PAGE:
Edit - I recall reading that years ago in Tsutomu Shimomura's book 'Takedown' (published in 1996). Outside of this, I have no other reference. It's a good read BTW. https://www.amazon.com/Takedown-Pursuit-Capture-Americas-Com...




Your assertion re early 1990s is backed up here: https://www.wired.com/2014/03/stingray/

"Use of stingray technology goes back at least 20 years [ <= 1994]. In a 2009 Utah case, an FBI agent described using a cell site emulator more than 300 times over a decade.... "


I seem to have gotten rid of my copy of Takedown, but Jonathan Littman writes in The Fugitive Game, paraphrasing John Markoff:

"...Shimomura was sitting in the passenger seat of a Raleigh Sprint technician's car, holding a cellular-frequency direction-finding antenna, and watching a 'signal-strength meter display its reading on a laptop computer screen.'"

This sounds, perhaps, functionally equivalent to a modern stingray, but I suspect it was not operating as a cell-site simulator. The hardware/software required at the time to "man in the middle" Mitnick's cellular calls would not have fit comfortably with Shimomura in the passenger seat of a car and would not have run smoothly on a mid-90's era laptop. Also, the bandwidth required to forward the connections would have only been achievable over directional microwave or landline which seems unsuitable for use in a moving vehicle. However, this was the dawn of digital cellular networks. The calls would not have been encrypted in any way at the time so tracking the source of specific emissions using triangulation would have been fairly trivial, especially with the assistance of a Sprint technician with access to the CDMA code Mitnick's handset was using at any given time.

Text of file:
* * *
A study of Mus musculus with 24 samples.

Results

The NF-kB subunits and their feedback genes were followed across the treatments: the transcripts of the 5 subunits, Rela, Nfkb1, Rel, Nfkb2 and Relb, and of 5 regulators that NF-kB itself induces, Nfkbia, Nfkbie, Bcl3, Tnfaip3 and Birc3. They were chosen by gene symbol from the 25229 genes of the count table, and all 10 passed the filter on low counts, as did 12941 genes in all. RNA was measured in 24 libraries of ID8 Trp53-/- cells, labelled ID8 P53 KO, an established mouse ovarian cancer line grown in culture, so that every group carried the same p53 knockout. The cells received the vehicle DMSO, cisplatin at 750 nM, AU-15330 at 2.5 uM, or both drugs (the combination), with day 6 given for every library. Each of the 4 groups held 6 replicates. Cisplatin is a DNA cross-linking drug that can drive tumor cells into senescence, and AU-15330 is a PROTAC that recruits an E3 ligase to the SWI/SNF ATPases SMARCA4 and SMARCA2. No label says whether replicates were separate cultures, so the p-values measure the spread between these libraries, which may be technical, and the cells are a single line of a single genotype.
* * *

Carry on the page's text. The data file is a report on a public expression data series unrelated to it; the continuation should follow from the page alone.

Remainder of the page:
Actually, I just checked and it seems Sprint didn't launch its PCS network until later that year[0] so it's possible the network in question was analog(?), making simply "listening in" even easier, without having to simulate anything.

[0]http://articles.baltimoresun.com/1995-11-16/business/1995320...


Actually, the software to do this kind of thing was actually what Mitnick was after!

It would be laughably easy by today’s standards. Cloning AMPs phones (with ESN/MIN from “trashing” and bootleg Motorola service software) was within the reach of bored teenagers, but the elusive “vampire phone” required decoding the control channel. This was “hard” at the time.

It could be done with the right service equipment or say, suitably hacked firmware for something like an OKI 900...

No stingray required, you could indeed do everything passively. Very different times. Today you could probably do it all by dragging a few blocks around in gnu radio’s grc tool.


They even use one in an episode of the wire (circa 2003).